WALLA WALLA -- What started out in 2007 as a grade-lowering on Myra Road for less than $2 million, then ramped up over the next three years with the addition of an overpass and jug-handle style interchange to a $5.7 million proposal, finally received approval looking and costing a lot more like the original project.
With all but one member of the Walla Walla and College Place city councils in favor, the $2.8 million project was approved Tuesday.
In May, the councils met to discuss the project, which was $2.8 million short of funding.
The result was that both councils voted to split the cost of a $20,000 study by DKS Associates to consider traffic benefits, funding options and how best to scale back the project.
At a joint meeting of the councils Tuesday, a DKS spokesperson said that while an overpass would be the ideal way to deal with future traffic, having separate grades would most likely lead to the cities having to split the $2.8 million in additional costs.
So DKS engineers recommended scaling back to the fully funded option, which would still lower the grade but with no overpass.
The initial goal was to lower Myra Road south of Dalles Military Road from its current grade of close to 5 percent to under 3 percent, thus meeting federal and state transportation safety standards.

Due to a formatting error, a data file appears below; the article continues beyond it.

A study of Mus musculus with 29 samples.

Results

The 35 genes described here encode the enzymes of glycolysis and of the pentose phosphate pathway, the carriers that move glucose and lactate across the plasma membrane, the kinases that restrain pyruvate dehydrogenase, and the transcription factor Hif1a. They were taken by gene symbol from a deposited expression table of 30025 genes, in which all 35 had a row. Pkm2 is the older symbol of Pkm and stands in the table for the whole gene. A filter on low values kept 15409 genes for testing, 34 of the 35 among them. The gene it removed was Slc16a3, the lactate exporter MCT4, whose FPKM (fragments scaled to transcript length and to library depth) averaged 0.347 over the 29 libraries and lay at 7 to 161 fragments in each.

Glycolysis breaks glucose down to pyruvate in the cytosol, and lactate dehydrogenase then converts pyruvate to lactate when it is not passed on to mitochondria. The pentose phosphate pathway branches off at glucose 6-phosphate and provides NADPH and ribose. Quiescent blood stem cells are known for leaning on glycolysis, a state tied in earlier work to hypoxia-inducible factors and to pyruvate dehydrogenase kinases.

The project is expected to improve freight mobility by reducing the risk of crashes in icy conditions, as well as improving visibility for motorists.
Walla Walla and College Place will each contribute $300,000 for the project, with the remainder paid by federal and regional funds.
The proposal was unanimously approved by the College Place Council.
The Walla Walla Council had one dissenting vote; Mayor Barbara Clark said she felt using $300,000 of utility fund money was inappropriate, especially when the city is trying to increase construction on "higher priority" infrastructure projects.
College Place will use general fund reserves to pay for its portion of the project.
This fall, city officials will reapply for funding of the scaled down project, and planners are expecting approval.
If approved, work will most likely begin in 2013, with the delay due to reviews and easement agreements that still need to be worked out, officials said.
Alfred Diaz can be reached at email@example.com or 526-8325.